Katie Bouton is a guest contributor for Nonprofit Hub and the founder and president of Koya Leadership Partners, a nationally recognized executive search firm committed to collaborating with nonprofit organizations to recruit and retain exceptionally talented and diverse professionals who can make a lasting impact. With over 18 years of experience as an organizational development professional, Katie has worked collaboratively with founders, boards, and donors to deepen the impact of today’s most pioneering mission-driven organizations.
Resignations often happen when we least expect it, and when they come from senior leaders, it’s perceived as a significant loss for the organization. The announcement that a senior leader has decided to move on often results in a mix of negative emotions for many of the employees left behind: Stress, worry, and even panic, especially for those who are responsible for finding a replacement. Many questions arise: How much of my time will go into finding a replacement? Who will be responsible for the work when this person leaves? How long will it take to find a replacement? How will the loss of this individual affect our nonprofit organization?
If all of this sounds familiar, you’re not alone. According to a 2013 Nonprofit Employment Trends Survey by Nonprofit HR Solutions, the more senior the position, the longer it takes to find a replacement—with the majority taking more than 91 days. Nonprofits also experience difficulties in finding qualified staff who fit the organization’s particular requirements and salary level, the study said.
Here are six steps your nonprofit can take to limit anxiety and prepare for a successful and efficient senior hire:
1. Don’t Panic
The most important thing to remember after receiving news of a resignation is to take a deep breath. A senior-level vacancy can be stressful, and it often seems like the best course is to immediately fill it. But acting hastily to fill the open position may not be in your best interest. Instead, consider this an opportunity to step back and evaluate goals, responsibilities, qualifications and team structure while also being thoughtful and deliberate about what you really need in the role. Taking the time to truly scope out the role rather than just assuming you need to simply copy what you previously had, will set you up for a successful, or even transformational, hire.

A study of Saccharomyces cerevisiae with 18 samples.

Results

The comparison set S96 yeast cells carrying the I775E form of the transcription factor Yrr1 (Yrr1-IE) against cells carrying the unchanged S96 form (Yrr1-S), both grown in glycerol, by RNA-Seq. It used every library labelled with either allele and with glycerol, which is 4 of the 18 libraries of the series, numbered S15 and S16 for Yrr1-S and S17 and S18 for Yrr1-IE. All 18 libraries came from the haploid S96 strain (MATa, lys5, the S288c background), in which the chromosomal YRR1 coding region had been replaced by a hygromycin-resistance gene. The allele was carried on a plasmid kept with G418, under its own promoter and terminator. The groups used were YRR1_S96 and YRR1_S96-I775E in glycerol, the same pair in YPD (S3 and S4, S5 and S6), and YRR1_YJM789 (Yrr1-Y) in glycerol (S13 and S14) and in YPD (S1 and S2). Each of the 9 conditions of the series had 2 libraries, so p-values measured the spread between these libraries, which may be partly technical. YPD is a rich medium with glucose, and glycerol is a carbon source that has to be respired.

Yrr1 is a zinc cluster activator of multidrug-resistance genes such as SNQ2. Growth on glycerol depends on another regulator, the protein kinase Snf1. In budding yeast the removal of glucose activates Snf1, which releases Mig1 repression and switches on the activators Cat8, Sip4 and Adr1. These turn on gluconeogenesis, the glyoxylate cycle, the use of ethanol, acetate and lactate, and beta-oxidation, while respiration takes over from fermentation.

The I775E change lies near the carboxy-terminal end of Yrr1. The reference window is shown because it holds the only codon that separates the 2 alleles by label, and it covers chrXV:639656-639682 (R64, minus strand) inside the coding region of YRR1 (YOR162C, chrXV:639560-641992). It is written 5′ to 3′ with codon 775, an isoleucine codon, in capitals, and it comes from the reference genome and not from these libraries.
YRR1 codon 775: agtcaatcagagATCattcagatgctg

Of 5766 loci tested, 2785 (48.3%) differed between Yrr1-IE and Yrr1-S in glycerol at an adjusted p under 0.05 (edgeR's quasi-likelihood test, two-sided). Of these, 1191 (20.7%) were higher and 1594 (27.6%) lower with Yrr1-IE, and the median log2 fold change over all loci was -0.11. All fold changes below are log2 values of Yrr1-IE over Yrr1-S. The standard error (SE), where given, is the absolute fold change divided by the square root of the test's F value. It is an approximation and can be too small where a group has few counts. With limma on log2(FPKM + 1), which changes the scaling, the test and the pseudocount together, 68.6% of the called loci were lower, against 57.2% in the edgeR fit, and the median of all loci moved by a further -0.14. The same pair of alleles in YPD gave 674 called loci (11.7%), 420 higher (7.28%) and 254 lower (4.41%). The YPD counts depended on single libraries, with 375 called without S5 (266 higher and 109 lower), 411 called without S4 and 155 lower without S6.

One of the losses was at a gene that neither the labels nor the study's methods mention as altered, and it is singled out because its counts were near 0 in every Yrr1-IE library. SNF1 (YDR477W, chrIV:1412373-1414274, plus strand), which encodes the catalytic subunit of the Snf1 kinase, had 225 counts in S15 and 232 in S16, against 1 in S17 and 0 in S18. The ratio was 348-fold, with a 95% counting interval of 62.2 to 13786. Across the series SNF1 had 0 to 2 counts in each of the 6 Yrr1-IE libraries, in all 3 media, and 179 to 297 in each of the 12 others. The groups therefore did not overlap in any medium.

2. Look Within
Review the depth of your bench to ensure you have an accurate picture of your internal talent landscape. Begin with an audit of the talent within your organization, making note of any missing competencies and characteristics on the leadership team so you can take advantage of this opportunity to round out your team. Do you have a people motivator on your team? Do you have an effective communicator? Is there someone who instills optimism? Who carries and strengthens your culture? An internal audit can also help determine if there is a high performer within your organization who may be ready to step up.
3. Speak to Key People that Interacted with the Departing Team Member
Find out what worked and what didn’t work. Give employees an opportunity to voice their thoughts on what qualifications and attributes they’d like this new hire to possess. This goes a long way toward building support for an inclusive process and may also give you some additional insight into the best profile for the role.
4. Benchmark the Salary of the New Position
Don’t assume you can just pay the same level of compensation you’ve been paying up until now. Salary ranges change over time. Make sure you’re presenting a compelling role with a compensation package that reflects market realities.
5. Compare the Language in Your Job Announcement
Compare your organization’s announcement to other job announcements seeking a similar candidate. Make sure yours is similar and competitive. Position your organization as the employer of choice by stating clearly why it’s a role candidates should want and why your nonprofit is a great place to work.
6. Be Thoughtful About the Interview Process
Map out your entire interview process long before you actually start interviews. Make sure that you’re including all of the necessary stakeholders without overwhelming candidates, determine how many rounds of interviews you want to conduct (3-4 is a good target), and who will be involved in each round. Decide if there will be an assessment exercise and prepare it well ahead of when you need it so you can get input from others on the team. Then review the entire process with everyone on your interview team to ensure that there is consistent understanding.
Follow these steps to ensure the new hire is in line with your organization’s mission and strengthens your nonprofit for years to come.